Phoenix Councilman Sal DiCiccio Releases Info on City's 50 Highest-Paid Retirees
Citing a desire for pension reform, Phoenix City Councilman Sal DiCiccio released details of the 50 biggest pension payouts the city is making to retired employees.
DiCiccio's report estimates these 50 employees will get combined pension payouts of around $173 million, leading DiCiccio to compare the Phoenix government to that of Detroit.
-Phoenix Voters Could Decide on Replacing Employee Pension With 401(k)-Type Plan
The top of the list isn't surprising: The city's most recent city managers get the biggest payouts. Former City Manager David Cavazos, who retired last year at the age of 53, is second on the list, beat only by his predecessor, Frank Fairbanks. None of the retired employees are identified by name, but in many cases, you can figure out who it is.
Of these 50 employees, the average age of retirement is 56, with an average cash payout of nearly $200,000, and an annual pension payout of about $120,000.
In a press conference yesterday, DiCiccio used a former city librarian as an example -- a librarian who retired at the age of 58, with a cash payout of about $286,000, and an annual pension of more than $100,000.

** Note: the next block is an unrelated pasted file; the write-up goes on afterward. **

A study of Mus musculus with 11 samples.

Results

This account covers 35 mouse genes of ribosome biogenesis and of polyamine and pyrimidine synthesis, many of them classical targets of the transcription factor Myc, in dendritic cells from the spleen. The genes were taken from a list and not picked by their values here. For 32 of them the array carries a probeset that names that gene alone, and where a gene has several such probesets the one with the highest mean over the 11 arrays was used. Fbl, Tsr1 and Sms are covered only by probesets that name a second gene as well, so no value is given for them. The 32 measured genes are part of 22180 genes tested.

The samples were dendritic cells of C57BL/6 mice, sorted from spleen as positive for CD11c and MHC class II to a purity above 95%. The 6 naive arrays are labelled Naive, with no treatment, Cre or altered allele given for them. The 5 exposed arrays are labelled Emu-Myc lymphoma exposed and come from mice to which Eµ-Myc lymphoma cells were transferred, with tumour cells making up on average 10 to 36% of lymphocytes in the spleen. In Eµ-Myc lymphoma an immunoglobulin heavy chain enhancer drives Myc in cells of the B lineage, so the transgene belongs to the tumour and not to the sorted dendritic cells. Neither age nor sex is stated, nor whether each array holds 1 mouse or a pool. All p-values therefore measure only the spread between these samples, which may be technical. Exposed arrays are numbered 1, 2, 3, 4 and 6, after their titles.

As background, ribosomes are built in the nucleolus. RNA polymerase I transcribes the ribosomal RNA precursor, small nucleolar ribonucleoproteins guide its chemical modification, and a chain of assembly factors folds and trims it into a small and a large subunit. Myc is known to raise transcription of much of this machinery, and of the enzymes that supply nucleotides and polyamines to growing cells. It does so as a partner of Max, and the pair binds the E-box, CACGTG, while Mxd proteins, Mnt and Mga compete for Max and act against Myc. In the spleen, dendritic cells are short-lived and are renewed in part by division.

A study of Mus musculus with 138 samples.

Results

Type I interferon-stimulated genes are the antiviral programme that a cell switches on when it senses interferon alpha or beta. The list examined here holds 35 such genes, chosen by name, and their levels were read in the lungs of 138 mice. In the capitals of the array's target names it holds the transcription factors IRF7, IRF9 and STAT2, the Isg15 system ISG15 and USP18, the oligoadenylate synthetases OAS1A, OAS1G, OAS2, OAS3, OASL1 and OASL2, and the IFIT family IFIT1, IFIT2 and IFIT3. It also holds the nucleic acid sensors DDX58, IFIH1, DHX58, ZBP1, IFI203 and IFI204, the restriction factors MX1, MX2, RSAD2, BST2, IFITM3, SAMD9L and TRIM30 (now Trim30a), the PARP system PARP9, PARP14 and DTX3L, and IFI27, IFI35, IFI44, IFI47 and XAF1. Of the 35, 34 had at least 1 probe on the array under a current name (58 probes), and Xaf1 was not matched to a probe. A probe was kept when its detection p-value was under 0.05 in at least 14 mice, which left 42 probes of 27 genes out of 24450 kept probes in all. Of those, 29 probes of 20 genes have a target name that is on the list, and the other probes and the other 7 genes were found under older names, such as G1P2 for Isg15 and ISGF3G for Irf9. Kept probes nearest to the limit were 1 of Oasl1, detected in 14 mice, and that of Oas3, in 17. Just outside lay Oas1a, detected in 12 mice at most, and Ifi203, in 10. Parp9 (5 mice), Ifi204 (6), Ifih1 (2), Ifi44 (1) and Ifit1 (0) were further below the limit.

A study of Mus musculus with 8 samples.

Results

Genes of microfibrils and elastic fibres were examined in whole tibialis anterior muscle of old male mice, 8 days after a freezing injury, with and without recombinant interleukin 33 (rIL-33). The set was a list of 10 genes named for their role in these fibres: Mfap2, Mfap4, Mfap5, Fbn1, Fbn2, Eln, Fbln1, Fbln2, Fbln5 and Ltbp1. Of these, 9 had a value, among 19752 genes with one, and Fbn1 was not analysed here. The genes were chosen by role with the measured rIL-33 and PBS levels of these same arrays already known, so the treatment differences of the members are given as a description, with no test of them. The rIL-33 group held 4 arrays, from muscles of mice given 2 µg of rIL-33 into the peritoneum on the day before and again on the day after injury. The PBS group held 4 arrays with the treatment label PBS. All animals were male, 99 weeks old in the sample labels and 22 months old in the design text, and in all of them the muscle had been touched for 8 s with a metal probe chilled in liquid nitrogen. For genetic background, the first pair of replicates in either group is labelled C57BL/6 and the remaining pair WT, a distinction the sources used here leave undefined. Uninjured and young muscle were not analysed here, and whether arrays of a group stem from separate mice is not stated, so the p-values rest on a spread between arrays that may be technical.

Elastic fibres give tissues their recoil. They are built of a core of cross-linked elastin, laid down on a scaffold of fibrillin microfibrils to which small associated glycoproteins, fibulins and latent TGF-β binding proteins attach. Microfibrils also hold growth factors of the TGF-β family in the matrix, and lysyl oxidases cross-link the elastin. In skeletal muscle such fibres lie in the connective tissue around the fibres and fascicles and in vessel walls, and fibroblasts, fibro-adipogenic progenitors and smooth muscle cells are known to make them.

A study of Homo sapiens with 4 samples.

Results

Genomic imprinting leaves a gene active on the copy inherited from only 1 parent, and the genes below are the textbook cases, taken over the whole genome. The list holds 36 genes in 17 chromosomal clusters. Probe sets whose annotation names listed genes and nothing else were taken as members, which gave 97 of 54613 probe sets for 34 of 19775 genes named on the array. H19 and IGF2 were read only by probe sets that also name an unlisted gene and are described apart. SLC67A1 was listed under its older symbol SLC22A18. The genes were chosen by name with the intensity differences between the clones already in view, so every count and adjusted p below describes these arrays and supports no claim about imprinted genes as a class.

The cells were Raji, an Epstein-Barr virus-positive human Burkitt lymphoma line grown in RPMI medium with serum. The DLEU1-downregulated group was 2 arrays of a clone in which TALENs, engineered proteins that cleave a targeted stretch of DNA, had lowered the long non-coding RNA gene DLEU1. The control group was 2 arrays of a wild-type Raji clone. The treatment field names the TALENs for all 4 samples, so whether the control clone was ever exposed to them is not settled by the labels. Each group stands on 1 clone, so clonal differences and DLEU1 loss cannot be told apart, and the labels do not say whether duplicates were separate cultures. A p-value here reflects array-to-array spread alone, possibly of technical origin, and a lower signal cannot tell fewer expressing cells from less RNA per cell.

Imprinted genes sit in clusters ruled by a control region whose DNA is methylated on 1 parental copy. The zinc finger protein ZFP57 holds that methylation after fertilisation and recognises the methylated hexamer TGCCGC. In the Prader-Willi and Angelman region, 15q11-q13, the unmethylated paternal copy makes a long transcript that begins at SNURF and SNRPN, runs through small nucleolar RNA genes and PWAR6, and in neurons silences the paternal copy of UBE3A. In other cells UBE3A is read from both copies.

The union-busting councilman, who's been a longtime critic of the city's pension system, especially in the wake of Cavazos' "pension spiking," in which unused sick time and vacation days are used to help inflate the pension payout (although DiCiccio did approve a $78,000-a-year pay raise for Cavazos the year prior).
There have been several pension-reform proposals made, and adopted, in recent years, although some of the proposals are getting a little more drastic. Phoenix voters will get to decide on one such proposal in November, which proposes phasing out the pension system in favor of a 401(k)-type program, which DiCiccio has somewhat endorsed.
DiCiccio's entire report on the 50 highest-paid retirees can be seen below:
Get the Weekly Newsletter
Our weekly feature stories, movie reviews, calendar picks and more - minus the newsprint and sent directly to your inbox.